Requests from families for help have run at record levels since the launch of the Berkshire West Autism & ADHD Support Service at the start of this year.
Autism Berkshire’s family support team had almost 1,000 contacts in the first quarter of 2021 with families registered at GP surgeries that are part of the Berkshire West NHS Clinical Commissioning Group, which commissions the service from Autism Berkshire and Parenting Special Children.
Autism Berkshire’s family support team assisted 40% more families during this period than in the first quarter of 2020, at a time when they were also providing services in East Berkshire. The Berkshire West area is made up of the Reading, Wokingham and West Berkshire council areas.
Extra autism advice workshops were delivered to meet high demand for places and there were marked increases in the number of contacts with families of autistic girls and requests for advice about how to help children struggling with anxiety during the coronavirus pandemic.
Alongside a CCG-funded Teen Life course, for parents and carers of autistic 10 to 16-year-olds, an additional fully-subscribed course, funded by the Postcode Lottery Community Trust, was started during the quarter.
The service specification called for 15 Home Visits to give families one-to-one tailored advice about autism during the three-month period, but 81 were carried out, via video or phone calls.
Parents and carers of autistic children and young people were also able to benefit from an online support group between January and March, called the Friday Lunch Break, which helped inspire a group of parents of teenage girls to set up their own weekly online support group to meet up and share ideas.
A new social interaction skills course, led by members of Parenting Special Children’s team, for 11 to 15-year-old children and young people with an autism or ADHD diagnosis, or a dual diagnosis, proved popular with the participants.
They reported feeling more independent and confident, better able to initiate and engage in conversations and form relationships and said they would recommend the group to other young people. Their parents were equally positive and said they had seen their children’s confidence boosted.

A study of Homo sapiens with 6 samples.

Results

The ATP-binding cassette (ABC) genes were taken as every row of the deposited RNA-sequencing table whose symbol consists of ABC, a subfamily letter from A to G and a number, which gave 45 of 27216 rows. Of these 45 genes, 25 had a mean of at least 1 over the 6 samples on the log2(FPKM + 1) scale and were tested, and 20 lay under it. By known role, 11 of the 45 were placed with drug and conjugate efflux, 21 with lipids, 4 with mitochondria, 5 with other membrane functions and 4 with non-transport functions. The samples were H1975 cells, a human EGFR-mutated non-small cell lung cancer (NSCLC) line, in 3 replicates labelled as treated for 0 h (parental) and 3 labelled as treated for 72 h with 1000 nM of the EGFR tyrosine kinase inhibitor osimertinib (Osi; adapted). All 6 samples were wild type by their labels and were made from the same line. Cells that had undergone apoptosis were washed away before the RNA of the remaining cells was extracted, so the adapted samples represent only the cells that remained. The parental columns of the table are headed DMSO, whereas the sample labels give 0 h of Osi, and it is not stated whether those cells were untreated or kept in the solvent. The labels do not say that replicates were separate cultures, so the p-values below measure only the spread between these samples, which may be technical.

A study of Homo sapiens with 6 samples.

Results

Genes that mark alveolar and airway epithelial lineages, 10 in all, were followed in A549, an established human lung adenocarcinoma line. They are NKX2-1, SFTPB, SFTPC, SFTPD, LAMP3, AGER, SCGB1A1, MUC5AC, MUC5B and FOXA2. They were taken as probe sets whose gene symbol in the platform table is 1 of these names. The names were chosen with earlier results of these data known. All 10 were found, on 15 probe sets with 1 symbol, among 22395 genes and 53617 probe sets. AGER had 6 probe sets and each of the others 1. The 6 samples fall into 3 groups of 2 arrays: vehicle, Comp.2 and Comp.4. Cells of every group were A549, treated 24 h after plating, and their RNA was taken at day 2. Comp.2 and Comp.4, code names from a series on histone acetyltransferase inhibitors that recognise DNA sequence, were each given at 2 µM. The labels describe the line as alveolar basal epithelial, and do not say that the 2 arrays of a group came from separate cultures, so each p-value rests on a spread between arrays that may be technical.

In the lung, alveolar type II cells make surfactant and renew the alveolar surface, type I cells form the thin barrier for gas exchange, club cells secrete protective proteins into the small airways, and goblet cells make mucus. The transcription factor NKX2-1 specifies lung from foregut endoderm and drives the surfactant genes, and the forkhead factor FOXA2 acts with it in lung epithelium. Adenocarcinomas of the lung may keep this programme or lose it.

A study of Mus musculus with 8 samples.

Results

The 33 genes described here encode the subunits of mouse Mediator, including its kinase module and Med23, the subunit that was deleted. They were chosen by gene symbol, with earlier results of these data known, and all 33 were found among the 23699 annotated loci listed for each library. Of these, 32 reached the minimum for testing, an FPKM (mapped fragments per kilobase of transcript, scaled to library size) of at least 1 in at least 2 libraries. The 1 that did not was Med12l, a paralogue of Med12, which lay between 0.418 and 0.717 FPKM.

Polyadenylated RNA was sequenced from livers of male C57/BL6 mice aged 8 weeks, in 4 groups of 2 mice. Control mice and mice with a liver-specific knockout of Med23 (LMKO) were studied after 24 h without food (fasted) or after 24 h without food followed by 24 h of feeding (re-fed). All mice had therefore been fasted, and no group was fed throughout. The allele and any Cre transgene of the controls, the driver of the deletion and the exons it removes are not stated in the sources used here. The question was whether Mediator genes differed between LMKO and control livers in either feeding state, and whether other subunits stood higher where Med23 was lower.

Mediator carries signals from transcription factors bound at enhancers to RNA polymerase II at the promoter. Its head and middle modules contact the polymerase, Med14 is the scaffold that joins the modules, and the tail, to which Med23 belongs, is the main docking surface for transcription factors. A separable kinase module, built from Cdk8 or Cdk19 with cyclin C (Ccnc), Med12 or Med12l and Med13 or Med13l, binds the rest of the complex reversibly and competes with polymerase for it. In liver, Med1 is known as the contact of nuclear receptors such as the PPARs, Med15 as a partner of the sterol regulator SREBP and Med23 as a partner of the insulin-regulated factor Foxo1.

A similar course, for primary school age children, will take place later in the year.
Feedback was also overwhelmingly positive for a Transition to Adulthood workshop, delivered by Parenting Special Children, to equip parents and carers with knowledge and skills to support young people’s transition to adulthood, including the move from children’s to adult social care services and sources of specialised advice and support.
Much of the increase in demand for support can be attributed to the ongoing effects of the coronavirus pandemic and associated lockdowns, and their impact on family life and health and wellbeing.
However, increased awareness of the availability of support while children and young people are waiting for autism and ADHD assessments and after diagnosis also played a part. Referrals for support from the service from GPs and other professionals, or recommendations to parents to request help, increased noticeably during the first quarter of 2021.
Most families had multiple contacts with the service, as initial enquiries to the Helpline usually led on to attendance at autism and ADHD advice workshops and courses, or Home Visits, or requests for follow-up advice.
Many parents said they valued being able to have “conversations” by email with family support workers, as they could send or read a message late at night when their child was in bed.
Alongside requests for advice about specific aspects of autism and ADHD, the disruption caused to children’s education by the pandemic and sometimes patchy help from schools with home education during classroom closures were issues raised by many parents who contacted the service.
They were often unaware of the existence of the IASS services in Reading, Wokingham and West Berkshire and the support that is provided.
Feedback from parents who were signposted to their local IASS indicated that as a result they felt more supported in managing their relationships with their children’s schools and, if necessary, in seeking more support in school, a change in a child’s placement, or applying for an Education, Health & Care Plan.